Hugh Jackman has been Wolverine for nearly two decades and has one of the longest recurring roles ever in cinema, with Logan set to be his last appearance as the mutant. Logan is a superhero action western that follows the titular Wolverine in a post-apocalyptic world where mutants are extinct. Wolverine is on his last leg taking care of an aging and dementia-ridden Professor X (played by Patrick Stewart) when a young mutant by the name of Laura shows up, with identical abilities to Wolverine. Laura brings a list of problems to his doorstep like bounty hunters and rogue scientists. Now he must protect and aid Laura on a cross-country road trip while avoiding and fighting bad guys along the way. But will Logan be able to fight long enough to do so?
When it comes to the story, it's about as straightforward as it gets for a superhero film, but there's much more nuance to the story with its battered characters. As the film progresses each scene, each line of dialogue grows progressively more melancholic. Particularly in a quiet dinner scene where Logan and Charles reminisce about old times at Xavier's School for Gifted Youngsters. It gives them and the audience genuine nostalgia of good times gone by, since these two actors have been playing the respective characters for nearly two decades. Not to mention Hugh Jackman giving an emotional roller coaster of grief after burying his friend and father figure, Charles Xavier, after an intense fight with his clone X-24.
When we have superhero movies, they’re usually pretty tame and constricted within a PG-13 rating. However with Logan, 20th Century Fox took a risk and gave the movie an R rating. This gave the necessary freedom to be as ferocious with Wolverine as possible. It doesn't mean going into gory territory, but it gives more weight and damage behind each blow taken and given, for example, in the opening scene of the film where Logan is jumped by a group of car thieves. He takes several nasty blows and a shotgun to the chest, and he was still able to brutally kill or wound most of them before the thieves fled. Wolverine is an animalistic fighter so the fact that they made him all the more brutal in this film does the character justice, and leads the way to some extremely creative fight scenes. A great example of this is during the casino raid in the 2nd Act. Professor X has a seizure, adding that with his abilities leads to everyone in and around the casino to be painfully paralyzed, with the only two that are less affected being Wolverine and Laura. This allows for some gorey and creative kills as both try to stop Charles’s seizure before any innocent people die.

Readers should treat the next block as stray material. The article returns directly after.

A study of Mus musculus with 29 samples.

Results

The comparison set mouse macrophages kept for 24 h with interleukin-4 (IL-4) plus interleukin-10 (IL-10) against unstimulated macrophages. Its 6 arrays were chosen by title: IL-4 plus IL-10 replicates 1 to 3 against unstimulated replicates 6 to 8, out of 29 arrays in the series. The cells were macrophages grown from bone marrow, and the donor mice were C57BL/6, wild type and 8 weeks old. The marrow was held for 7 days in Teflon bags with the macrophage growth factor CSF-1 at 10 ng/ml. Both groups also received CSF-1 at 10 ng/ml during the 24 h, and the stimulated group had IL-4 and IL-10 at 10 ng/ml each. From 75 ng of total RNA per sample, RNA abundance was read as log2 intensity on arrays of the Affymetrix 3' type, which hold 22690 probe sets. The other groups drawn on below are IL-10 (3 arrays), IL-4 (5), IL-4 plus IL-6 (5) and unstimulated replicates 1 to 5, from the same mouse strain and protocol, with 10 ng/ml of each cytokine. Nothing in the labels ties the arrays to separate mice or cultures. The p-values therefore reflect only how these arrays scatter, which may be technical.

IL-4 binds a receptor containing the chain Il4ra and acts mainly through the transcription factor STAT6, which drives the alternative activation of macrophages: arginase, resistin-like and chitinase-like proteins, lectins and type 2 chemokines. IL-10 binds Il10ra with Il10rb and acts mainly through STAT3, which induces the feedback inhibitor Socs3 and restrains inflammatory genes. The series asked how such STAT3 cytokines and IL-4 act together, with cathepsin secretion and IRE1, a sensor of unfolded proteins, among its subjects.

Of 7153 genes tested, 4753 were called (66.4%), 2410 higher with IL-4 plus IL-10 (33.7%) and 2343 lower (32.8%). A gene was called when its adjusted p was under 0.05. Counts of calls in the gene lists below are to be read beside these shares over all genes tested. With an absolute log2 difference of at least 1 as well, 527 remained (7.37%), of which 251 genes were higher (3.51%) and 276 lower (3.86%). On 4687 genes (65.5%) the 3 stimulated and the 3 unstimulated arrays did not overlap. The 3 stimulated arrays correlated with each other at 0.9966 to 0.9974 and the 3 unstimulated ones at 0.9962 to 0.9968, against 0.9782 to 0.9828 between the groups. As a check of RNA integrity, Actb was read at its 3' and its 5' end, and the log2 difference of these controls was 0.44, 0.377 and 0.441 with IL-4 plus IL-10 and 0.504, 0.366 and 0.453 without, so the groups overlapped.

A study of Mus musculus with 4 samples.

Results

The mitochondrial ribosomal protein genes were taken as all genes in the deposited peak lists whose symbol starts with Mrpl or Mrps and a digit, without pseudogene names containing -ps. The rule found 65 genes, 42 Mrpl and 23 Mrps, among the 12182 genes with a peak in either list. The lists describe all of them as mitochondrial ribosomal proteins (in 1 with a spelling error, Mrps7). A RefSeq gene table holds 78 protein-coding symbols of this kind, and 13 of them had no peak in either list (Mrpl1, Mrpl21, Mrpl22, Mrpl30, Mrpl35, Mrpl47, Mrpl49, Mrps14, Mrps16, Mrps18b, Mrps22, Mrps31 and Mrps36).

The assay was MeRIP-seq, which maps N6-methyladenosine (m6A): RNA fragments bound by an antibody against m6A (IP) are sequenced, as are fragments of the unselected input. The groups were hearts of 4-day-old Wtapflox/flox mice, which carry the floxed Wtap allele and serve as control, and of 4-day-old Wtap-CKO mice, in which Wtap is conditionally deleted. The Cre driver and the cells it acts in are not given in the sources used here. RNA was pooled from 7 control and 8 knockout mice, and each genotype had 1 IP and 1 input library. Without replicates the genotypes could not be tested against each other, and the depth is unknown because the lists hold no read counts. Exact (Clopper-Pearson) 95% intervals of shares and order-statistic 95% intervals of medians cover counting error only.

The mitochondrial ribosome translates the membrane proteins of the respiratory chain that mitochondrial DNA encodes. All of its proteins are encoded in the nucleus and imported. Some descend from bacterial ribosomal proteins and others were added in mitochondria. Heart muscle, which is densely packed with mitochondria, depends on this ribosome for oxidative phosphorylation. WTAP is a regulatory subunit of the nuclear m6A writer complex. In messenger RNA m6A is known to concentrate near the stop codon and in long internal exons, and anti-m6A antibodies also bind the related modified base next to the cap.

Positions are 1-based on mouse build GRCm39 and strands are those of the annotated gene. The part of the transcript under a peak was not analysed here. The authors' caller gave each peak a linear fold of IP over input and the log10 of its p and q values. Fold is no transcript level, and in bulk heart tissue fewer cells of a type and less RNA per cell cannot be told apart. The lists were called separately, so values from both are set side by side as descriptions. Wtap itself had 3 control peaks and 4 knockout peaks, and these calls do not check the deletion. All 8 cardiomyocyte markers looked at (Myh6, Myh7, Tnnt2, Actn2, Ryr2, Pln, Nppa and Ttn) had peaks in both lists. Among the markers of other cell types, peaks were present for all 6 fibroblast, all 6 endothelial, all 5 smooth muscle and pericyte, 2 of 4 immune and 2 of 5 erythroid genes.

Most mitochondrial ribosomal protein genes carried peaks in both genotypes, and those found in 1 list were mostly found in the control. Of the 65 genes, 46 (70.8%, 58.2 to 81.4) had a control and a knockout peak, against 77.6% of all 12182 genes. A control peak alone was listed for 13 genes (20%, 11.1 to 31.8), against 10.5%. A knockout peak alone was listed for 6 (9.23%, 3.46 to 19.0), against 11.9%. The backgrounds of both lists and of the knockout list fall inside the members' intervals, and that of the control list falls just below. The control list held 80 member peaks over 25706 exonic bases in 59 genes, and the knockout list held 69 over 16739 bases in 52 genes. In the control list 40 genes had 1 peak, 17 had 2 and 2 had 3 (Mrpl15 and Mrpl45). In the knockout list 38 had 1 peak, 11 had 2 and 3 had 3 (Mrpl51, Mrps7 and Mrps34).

The only way this movie would be considered a swan song is if the character retired or died a hero’s death, and unfortunately, Logan was the latter. Dying a hero’s death after trying to protect Laura and her friends in the climax. While Wolverine succumbs to his tremendous injuries, he is given one last moment with his clone daughter Laura. This is bittersweet as this moment was foreshadowed by side character, Yukio, in The Wolverine and since this will be the last time Hugh Jackman will ever put on the adamantium claws. This moment is made even more tragic with Wolverine’s final line signifying finally accepting the love he so desperately tried to avoid because of all the pain it caused him.
Logan is a superhero western about redemption and purpose, which leads to some satisfying and heartbreaking character interactions as well as intense and original fight scenes. Hugh Jackman leaves it all on the table in his final performance as the fast healing mutant; giving all the gritty brooding and heart this character is known for. Patrick Stewart is as charismatic as ever as Professor X, even if his performance is a little heartbreaking. Acting newcomer Dafne Keen gives a great performance as Laura and holds her own against these acting veterans. A terrific story and fantastic acting, along with gruesomely beautiful action, Logan sets the standard for what superhero movies can be in the future.